09-28-2009, 01:25 PM
Help the dumb kid out:

-What does a cylinder leakdown test tell you and

-How does one go about performing such a test?

Thanks

RicardoJM
09-28-2009, 01:41 PM
I found this article (http://autos.yahoo.com/maintain/repairqa/engine/ques057_1.html) to be very enlightening. When AirRandy had very poor compression in one of his cylinders and decided to pull the head. Upon removing the head and looking at it, he was pretty sure the low compression was related to what we were seeing on the top of the engine. As an additional check put a bit of diesel into the cylinders and watched to see if it flowed through quickly or slowly. If it went down quickly it would have indicated there was also potentially a problem with the cylinders, pistons, rings, etc.

Are you having engine issues or just thinking about doing the test to see what it tells you about your engine?

subzali
09-28-2009, 02:22 PM
Cool, thanks Ricardo - that helps. So what kind of tools are needed to perform such a test (i.e. do they make standard tools that thread into the head, have a quick-disconnect at the other end and a pressure gauge in the middle)? And how do you test % leakage? How long do you wait, or is it fairly instantaneous?

DaveInDenver
09-28-2009, 02:34 PM
Special leak down tester is used. You put pressure on the cylinder from your air compressor and see how much leaks when you lock the piston at TDC in the bore. You're looking for bad valve seal, ring issues, etc. The spinning compression check shows compression itself, but does not tell you much about why the compression would be low. The leak down will indicate where the problem is, for example if your dip stick shoots out then you probably have ring seal problems, if air rushes through the carb or tail pipe, valves are not sitting down or you have the valve lash too tight or cam timing off, if the pressure tester flies back at you the plug threads are stripped, if the coolant blows out of the radiator the HG is probably bad, etc.

It happens quickly, no waiting. It's a little different than a cooling system leak down where you pressurize the system and leave it overnight to see how much it has gone down. The percentage is a ratio of the input pressure again what the cylinder is holding. So say you put 100 psi on the tester and the bore pressure is 95 psi, you have 5% leakage. The tester will either have one gage or two. The nicer one is two gages with adjustment, but a single gage works if you know the pressure at the end of your hose (which as you know is different than the reading on the tank).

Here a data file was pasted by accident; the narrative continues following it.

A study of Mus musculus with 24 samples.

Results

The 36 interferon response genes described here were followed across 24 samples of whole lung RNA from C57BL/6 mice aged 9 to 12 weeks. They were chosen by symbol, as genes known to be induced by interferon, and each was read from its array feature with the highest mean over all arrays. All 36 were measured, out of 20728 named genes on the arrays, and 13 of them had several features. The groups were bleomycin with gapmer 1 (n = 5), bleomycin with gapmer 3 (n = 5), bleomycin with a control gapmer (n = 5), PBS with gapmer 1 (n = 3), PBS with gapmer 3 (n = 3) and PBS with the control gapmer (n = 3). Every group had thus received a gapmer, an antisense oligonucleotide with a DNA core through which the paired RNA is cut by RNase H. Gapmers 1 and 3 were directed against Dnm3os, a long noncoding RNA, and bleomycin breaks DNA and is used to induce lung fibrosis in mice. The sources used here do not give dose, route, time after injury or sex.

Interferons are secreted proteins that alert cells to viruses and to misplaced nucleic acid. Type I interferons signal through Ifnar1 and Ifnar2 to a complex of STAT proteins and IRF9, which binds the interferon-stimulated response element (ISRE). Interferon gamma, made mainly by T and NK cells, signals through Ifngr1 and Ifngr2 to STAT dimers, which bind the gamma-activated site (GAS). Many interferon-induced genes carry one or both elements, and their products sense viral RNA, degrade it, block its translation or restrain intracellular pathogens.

A few percent is pretty normal, even a brand new engine will have a few percent leakage since the chamber pressure is what pushes the rings against the cylinder wall. You have to worry when the leakage is 20~25%. This has nothing to do with the ratio. You might have awesome or crappy compression ratios and still have a tight engine. This is the case with my mighty 22R since I did not shave the head enough to compensate for the cam and combustion chamber work, so I have lower compression than I expected but very little leakage.

SteveH
09-28-2009, 03:28 PM
Re: special tools: If you have a compression tester with a detachable hose (as sold by Sears and others), you're halfway there. With this, you can pressurize the cylinders.

If you remove the Schraeder valve insert in the hose, and you'll have a hose that threads into your cylinder on one end, and attaches to your air compressor on the other end. You can certainly pressurize the cylinders (one by one, rotating the engine between each) and listen for air rushing out of the carb, exhaust or crankcase. This won't give you numeric values, but it would point out a valve that is failing to seat and similar conditions. I've had carbon stick in valves during compression tests, so double-test any cylinder that seems suspect.

nakman
09-28-2009, 03:38 PM
...The leak down will indicate where the problem is, for example if your dip stick shoots out then you probably have ring seal problems, if air rushes through the carb or tail pipe, valves are not sitting down or you have the valve lash too tight or cam timing off, if the pressure tester flies back at you the plug threads are stripped, if the coolant blows out of the radiator the HG is probably bad, etc.
.

OMG lol Dave, :lmao: :beer2:

TIMZTOY
09-28-2009, 04:33 PM
unless your wanting to do a profesionall diag you really don't need the gauges
Most parts stores sell the cheapo hose adaptor that threads I to your sparkplug hole. It will tell you what your needing to know. And is only a few bucks. It about 8" long has twin threads with o-rings on one side for the spark plug threads and smaller threads on the other side for your air hose fitting.

rover67
09-28-2009, 05:25 PM
Some little school I went to taught us to do leak downs at every valve adjustment.

It's easy to do and you might as well if you have the tool. Just be sure the truck has the parking break set, cuz it'll kinda take off when you pressurize the cylinder and it falls off of TDC.

mine had a regulator on it, but using the ones that don't is easy enouhg, just set your shop air to 100psi.

oh, and don't freak out when you see the numbers.